It is uncommon to find granulomas in the bone marrow. When we do see them, there can be many different potential causes including: various types of infection, autoimmune diseases, medications, or malignancies.
In the majority of patients, MGUS (monoclonal gammopathy of undetermined significance) is a benign condition, but in some it can progress to a cancer called multiple myeloma. There is no treatment for it, but it should be monitored. MGUS can also be present in patients who have other autoimmune or chronic inflammatory conditions.
Copyright 1994-2016MedHelp International.All rights reserved. MedHelp is a division of Aptus Health.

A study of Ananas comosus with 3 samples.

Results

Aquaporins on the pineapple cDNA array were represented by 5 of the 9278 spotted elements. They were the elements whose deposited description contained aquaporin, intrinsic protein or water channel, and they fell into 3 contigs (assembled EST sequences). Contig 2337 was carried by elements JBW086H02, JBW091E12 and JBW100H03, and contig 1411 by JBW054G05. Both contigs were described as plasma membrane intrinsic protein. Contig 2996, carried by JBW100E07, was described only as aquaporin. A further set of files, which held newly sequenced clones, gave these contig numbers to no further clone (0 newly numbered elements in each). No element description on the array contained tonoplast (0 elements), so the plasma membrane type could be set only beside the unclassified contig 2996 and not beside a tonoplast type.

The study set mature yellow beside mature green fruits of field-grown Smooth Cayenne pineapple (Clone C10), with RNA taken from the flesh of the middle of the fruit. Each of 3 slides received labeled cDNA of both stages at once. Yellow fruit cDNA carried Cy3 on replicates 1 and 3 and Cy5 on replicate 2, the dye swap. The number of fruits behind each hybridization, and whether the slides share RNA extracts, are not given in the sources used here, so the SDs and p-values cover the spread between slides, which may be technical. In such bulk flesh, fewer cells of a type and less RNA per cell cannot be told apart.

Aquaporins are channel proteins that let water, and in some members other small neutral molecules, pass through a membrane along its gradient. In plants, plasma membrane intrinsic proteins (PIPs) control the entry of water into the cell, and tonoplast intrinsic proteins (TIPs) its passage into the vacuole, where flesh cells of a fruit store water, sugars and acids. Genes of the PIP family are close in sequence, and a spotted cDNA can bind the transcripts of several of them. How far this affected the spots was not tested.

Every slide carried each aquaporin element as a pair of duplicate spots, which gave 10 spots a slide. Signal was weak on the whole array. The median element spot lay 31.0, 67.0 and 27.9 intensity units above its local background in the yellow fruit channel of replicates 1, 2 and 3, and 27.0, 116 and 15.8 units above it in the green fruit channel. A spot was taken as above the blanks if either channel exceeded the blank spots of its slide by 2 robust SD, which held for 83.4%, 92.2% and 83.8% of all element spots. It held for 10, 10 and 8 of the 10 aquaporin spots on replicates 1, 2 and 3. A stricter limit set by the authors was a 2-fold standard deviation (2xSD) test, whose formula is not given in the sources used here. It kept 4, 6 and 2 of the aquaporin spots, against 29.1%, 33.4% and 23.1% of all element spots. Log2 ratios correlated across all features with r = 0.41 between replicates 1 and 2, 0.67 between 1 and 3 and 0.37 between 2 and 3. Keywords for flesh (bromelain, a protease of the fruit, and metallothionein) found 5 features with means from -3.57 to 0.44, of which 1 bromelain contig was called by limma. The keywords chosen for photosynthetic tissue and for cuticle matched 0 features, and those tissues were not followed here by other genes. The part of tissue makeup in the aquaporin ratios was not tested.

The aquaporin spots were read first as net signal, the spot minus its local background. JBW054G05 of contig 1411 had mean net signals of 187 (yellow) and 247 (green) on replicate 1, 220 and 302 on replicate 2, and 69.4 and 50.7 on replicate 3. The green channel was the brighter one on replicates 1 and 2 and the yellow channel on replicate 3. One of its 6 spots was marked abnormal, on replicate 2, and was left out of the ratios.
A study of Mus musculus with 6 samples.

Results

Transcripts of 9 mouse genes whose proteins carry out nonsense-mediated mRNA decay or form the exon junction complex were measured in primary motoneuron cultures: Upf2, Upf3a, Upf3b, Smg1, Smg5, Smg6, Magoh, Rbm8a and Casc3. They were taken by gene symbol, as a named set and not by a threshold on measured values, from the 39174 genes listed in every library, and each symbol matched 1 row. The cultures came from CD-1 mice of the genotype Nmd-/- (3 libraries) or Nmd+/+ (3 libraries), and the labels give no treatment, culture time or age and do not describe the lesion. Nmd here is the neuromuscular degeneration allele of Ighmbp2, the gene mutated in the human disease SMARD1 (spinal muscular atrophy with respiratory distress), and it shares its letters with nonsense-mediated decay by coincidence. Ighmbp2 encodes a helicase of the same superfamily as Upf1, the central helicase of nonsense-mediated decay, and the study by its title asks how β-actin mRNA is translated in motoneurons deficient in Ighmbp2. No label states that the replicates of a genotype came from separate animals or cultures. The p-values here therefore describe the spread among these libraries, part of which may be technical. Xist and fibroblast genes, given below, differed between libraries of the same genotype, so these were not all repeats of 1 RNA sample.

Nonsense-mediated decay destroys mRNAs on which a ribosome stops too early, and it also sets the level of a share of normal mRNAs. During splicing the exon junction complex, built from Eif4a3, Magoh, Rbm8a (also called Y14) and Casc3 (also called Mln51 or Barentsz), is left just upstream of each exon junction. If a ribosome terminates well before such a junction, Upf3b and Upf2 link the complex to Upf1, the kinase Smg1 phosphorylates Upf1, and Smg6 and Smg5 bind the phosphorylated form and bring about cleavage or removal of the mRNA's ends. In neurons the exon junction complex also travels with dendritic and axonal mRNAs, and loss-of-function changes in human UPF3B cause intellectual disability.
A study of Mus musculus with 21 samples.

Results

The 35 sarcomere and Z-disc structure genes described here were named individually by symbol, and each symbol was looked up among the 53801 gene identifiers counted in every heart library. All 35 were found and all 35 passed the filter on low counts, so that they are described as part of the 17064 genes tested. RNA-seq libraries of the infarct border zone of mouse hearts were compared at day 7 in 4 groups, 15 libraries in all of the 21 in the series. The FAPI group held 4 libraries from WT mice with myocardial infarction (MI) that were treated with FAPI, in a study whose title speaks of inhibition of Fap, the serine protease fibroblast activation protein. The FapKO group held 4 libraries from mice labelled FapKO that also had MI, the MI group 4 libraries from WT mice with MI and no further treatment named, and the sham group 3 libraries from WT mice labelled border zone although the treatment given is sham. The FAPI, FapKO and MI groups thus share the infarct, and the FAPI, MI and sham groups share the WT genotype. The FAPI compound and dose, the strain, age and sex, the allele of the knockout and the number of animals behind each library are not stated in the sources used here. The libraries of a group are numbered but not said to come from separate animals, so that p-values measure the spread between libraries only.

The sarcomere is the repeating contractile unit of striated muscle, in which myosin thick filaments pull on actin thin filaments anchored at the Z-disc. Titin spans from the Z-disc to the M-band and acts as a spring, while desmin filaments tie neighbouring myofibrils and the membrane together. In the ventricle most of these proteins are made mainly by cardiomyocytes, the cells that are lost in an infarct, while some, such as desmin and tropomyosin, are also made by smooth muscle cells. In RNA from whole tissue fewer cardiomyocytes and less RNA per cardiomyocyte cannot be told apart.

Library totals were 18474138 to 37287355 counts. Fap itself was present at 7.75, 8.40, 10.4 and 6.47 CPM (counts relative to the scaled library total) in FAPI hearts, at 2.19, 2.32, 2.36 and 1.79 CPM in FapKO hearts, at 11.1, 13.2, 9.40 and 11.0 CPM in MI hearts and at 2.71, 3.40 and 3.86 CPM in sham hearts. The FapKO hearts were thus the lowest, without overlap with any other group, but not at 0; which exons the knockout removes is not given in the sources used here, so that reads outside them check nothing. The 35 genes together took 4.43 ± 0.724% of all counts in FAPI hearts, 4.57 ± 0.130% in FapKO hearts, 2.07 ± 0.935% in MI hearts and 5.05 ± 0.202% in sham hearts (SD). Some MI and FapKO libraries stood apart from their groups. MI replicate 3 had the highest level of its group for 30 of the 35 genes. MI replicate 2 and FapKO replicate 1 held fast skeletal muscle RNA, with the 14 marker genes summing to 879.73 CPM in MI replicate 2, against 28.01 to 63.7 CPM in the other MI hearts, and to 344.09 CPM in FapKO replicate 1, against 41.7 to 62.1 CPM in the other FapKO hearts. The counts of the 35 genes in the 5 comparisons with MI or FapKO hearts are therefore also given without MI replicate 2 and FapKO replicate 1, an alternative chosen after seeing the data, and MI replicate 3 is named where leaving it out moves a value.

The Content on this Site is presented in a summary fashion, and is intended to be used for educational and entertainment purposes only. It is not intended to be and should not be interpreted as medical advice or a diagnosis of any health or fitness problem, condition or disease; or a recommendation for a specific test, doctor, care provider, procedure, treatment plan, product, or course of action. Med Help International, Inc. is not a medical or healthcare provider and your use of this Site does not create a doctor / patient relationship. We disclaim all responsibility for the professional qualifications and licensing of, and services provided by, any physician or other health providers posting on or otherwise referred to on this Site and/or any Third Party Site. Never disregard the medical advice of your physician or health professional, or delay in seeking such advice, because of something you read on this Site. We offer this Site AS IS and without any warranties. By using this Site you agree to the following Terms and Conditions. If you think you may have a medical emergency, call your physician or 911 immediately.